But of course there are many factors that influence animal behavior, including a mother's willingness to risk her own life to protect her young. The desire to pass along your genes is a powerful force, and the Wisconsin research, which still needs to be verified by others, is only part of the picture.
"This is part of the puzzle," Gammie says. "But I don't think we have all of the pieces together."
There's one thing he's sure of, though. It's not a good idea to mess with a new mother, regardless of the species.
When he was living in Seattle a few years ago he was dive-bombed by a crow. The crow screeched as it dove repeatedly toward his head, and so naturally he kept looking up. A glance around his feet told him why the crow was being such a devil. Her chicks were near him on the ground.
"There's only a brief period each year when the chicks are on the ground," he says, and the black bombers had the right idea.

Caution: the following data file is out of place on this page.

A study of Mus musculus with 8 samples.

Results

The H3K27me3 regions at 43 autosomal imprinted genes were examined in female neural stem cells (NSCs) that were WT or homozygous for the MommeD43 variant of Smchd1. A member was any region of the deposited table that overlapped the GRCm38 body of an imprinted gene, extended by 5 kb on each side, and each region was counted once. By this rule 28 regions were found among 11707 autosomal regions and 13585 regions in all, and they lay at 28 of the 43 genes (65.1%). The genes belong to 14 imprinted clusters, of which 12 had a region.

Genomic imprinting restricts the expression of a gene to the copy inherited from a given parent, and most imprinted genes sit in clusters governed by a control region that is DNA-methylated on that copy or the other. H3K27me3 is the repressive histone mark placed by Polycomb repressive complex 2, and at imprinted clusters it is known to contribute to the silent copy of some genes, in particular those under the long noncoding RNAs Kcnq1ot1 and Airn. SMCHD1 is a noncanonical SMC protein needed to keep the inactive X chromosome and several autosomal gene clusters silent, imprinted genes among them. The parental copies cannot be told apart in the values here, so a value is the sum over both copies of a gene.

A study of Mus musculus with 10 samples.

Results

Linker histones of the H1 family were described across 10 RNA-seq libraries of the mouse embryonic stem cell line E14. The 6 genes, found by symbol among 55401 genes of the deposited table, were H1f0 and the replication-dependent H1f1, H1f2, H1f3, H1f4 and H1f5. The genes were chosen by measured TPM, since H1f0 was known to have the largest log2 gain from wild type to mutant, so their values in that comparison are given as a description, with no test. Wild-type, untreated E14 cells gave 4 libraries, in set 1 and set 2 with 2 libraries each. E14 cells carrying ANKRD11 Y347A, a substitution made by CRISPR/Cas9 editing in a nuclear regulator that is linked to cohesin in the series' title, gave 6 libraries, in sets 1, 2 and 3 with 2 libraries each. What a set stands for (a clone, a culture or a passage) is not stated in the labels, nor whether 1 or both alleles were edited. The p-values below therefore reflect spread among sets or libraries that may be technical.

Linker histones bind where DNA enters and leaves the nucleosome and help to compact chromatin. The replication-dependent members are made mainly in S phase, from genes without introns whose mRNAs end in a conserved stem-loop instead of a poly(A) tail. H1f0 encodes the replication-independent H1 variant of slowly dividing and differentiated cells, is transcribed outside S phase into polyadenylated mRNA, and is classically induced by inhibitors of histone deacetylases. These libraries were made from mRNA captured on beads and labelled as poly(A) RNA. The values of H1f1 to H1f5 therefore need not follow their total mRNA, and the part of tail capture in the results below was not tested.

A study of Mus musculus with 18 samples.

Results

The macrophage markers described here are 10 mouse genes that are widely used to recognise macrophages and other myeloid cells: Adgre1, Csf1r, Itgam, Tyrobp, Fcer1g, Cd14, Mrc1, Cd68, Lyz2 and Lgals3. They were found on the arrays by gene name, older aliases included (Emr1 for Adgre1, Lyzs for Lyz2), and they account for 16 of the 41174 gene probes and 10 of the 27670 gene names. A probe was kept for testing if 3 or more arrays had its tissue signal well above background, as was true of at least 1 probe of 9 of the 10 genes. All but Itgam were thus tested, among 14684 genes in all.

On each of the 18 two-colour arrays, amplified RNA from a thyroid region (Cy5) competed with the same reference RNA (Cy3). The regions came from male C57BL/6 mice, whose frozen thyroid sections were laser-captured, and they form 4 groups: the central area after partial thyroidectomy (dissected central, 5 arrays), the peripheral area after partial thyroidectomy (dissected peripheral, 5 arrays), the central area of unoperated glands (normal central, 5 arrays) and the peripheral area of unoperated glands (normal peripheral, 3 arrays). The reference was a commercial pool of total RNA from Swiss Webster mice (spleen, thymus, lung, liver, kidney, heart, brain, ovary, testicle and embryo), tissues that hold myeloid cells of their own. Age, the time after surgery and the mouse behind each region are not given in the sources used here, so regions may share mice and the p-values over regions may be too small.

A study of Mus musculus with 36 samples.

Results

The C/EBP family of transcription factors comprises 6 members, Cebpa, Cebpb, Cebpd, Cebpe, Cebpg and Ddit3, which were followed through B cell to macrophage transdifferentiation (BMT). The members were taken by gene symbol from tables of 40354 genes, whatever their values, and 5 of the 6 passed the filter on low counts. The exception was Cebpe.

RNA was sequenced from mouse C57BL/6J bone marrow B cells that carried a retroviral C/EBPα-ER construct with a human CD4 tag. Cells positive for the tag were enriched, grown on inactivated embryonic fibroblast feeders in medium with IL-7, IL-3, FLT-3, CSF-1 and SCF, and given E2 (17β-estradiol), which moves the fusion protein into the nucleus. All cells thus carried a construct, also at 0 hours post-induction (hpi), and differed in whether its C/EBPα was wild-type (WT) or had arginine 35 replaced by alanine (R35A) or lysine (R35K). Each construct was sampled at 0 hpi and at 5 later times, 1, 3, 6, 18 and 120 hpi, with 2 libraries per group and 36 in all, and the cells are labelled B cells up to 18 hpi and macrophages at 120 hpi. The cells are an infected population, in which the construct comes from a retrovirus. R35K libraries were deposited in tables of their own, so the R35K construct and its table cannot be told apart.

"Their behavior is really effective because it gets your attention away from the chicks," he says.
By the way, a few weeks ago I was walking my border collie when a ptarmigan bounded out from under a bush, making a terrible scene. It flapped its wings furiously, puffed itself up, and charged at the dog.
A few days later, I found out why. While walking along the same road I spied the bird, accompanied by four chicks.
My dog was unhurt, although a bit mortified over getting beaten up by a bird.
But at least it was a mother bird.
Lee Dye’s column appears weekly on ABCNEWS.com. A former science writer for the Los Angeles Times, he now lives in Juneau, Alaska.